4 Minute Read
Before you had kids, weekends were magical. You slept in late, enjoyed afternoon brunch, and strolled through the local farmers’ market humming I’m Walking on Sunshine.
That’s how you remember it anyway.
Now, weekends are a hurricane of activity. They start with 8 a.m. soccer games, peak at sub-standard fast food joints, and end with some angry parent shouting at a Little League referee.
Youth sports are great in theory. But in practice, they can take over your life.
Here are seven signs your kids’ sports may be overrunning your life—and your wallet.
1. The sales guy at Sports World knows you by name
From ballet shoes to hockey helmets, every sport has its stuff. And the more sports your kids are in, the more stuff you’re constantly buying—and they’re constantly outgrowing.
For the sake of your budget (and your sanity), pick just one or two sports and then shop used, trade with other parents, or have your kids buy a portion of their own equipment. If you can’t afford the stuff, you can’t afford the sport.
2. You haven’t seen your spouse all weekend
In order to squeeze in all those games, you and your spouse must divide and conquer. If you’re lucky, you’ll meet up again at 8 p.m. to sleep through another movie night on the couch together.
Related: How to Be More Intentional With Your Family Time This Summer
3. Your diet consists of meat, potatoes and grease
We’ve all done it. You’re so busy shuttling kids from ballet to hockey to tennis that you forgot about food—again. So you end up blowing the food budget on hamburgers and chicken nuggets instead of a decent meal together.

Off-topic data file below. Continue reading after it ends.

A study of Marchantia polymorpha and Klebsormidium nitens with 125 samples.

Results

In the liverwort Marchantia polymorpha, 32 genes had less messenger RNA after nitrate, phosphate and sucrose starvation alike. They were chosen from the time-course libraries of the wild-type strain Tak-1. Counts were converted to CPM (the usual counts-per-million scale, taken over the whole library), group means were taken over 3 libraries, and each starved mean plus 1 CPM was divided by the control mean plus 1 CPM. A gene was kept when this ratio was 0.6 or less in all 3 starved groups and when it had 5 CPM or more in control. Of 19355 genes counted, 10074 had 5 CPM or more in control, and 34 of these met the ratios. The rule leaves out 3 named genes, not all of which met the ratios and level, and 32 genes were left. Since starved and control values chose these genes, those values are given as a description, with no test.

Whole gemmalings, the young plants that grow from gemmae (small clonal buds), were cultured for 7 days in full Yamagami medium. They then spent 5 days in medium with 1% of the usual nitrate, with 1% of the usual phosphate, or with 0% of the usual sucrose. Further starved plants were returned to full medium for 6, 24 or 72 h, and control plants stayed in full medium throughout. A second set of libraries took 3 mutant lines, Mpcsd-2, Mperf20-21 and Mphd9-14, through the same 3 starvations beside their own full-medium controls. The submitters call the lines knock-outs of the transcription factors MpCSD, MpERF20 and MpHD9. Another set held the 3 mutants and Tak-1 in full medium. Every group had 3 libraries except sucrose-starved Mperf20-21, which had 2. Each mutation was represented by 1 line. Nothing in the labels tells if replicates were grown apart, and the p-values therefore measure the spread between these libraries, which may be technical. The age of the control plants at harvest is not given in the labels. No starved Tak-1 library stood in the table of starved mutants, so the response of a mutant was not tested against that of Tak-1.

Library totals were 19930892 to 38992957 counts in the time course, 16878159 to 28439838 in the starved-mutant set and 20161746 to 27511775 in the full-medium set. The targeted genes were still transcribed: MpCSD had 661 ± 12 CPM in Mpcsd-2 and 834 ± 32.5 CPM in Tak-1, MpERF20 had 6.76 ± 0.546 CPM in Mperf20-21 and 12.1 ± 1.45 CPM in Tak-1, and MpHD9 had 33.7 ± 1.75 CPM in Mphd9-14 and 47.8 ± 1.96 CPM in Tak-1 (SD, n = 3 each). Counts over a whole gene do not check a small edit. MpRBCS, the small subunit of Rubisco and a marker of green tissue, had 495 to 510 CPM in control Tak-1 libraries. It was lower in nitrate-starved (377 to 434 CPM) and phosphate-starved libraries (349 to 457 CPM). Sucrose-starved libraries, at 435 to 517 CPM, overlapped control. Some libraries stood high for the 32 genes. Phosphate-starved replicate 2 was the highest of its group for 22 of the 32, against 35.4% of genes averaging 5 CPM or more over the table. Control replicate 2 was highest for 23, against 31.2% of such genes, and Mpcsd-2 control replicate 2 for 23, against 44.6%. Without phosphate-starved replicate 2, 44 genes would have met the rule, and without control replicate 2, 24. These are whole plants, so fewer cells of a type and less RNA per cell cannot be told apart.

It sounds simple, but you must train yourself to pack lunches—and have the kids help! This will give you more time together and more money. After the game, steal an hour away for a family picnic in the park.
4. Traveling nonstop for travel teams
Travel teams have become increasingly popular for parents who want their kids to be the best and have the best. But these ultra-competitive teams cost more than uniforms and meals out. They cost gas money, hotel rooms and your entire weekend, not to mention a nearly year-round schedule.
If you’re on a serious budget, travel teams may have to go. There are plenty of great, local teams for your star athlete to shine.
Related: Are Kids’ Sports an Investment for College?
5. Skipping church or family events to attend games
Your kids are watching you. If you’re constantly showing them that sports trump church or family functions, they may begin to see themselves (and their sport) as the center of the universe. When skipping the occasional church service or family cookout becomes a habit, it can set the wrong example for your kids. Be a role model with your time as well as your resources.
6. Stealing from your necessities
A “Sports” envelope is a great way to budget for this busy season. But don’t let sports sideline your debt snowball or take over your food envelope and clothing cash as well.
Find a way to cut costs if you’re constantly borrowing from other envelopes. Be honest with your kids if you can’t afford an activity. Invite them to the next budget committee meeting so they see the family’s bigger financial goals.
7. You’re more excited than they are
Have you stopped to consider your kids may not even really like some of these sports? Maybe they liked them two seasons ago, but now they’re just playing to please you.
Have a chat with your kids before registration starts and gauge their enthusiasm for the sport, team and coach.
Kids are resilient, so no matter if you have to cut an activity or skimp on sports equipment, they’ll survive. Base hits are great, but so are family bike rides in the park. Those are the priceless moments you’ll want to relive.
It’s important to teach your child team-building principles as well as money skills that will affect the rest of their life. Check out Dave’s tools for your kids and teens.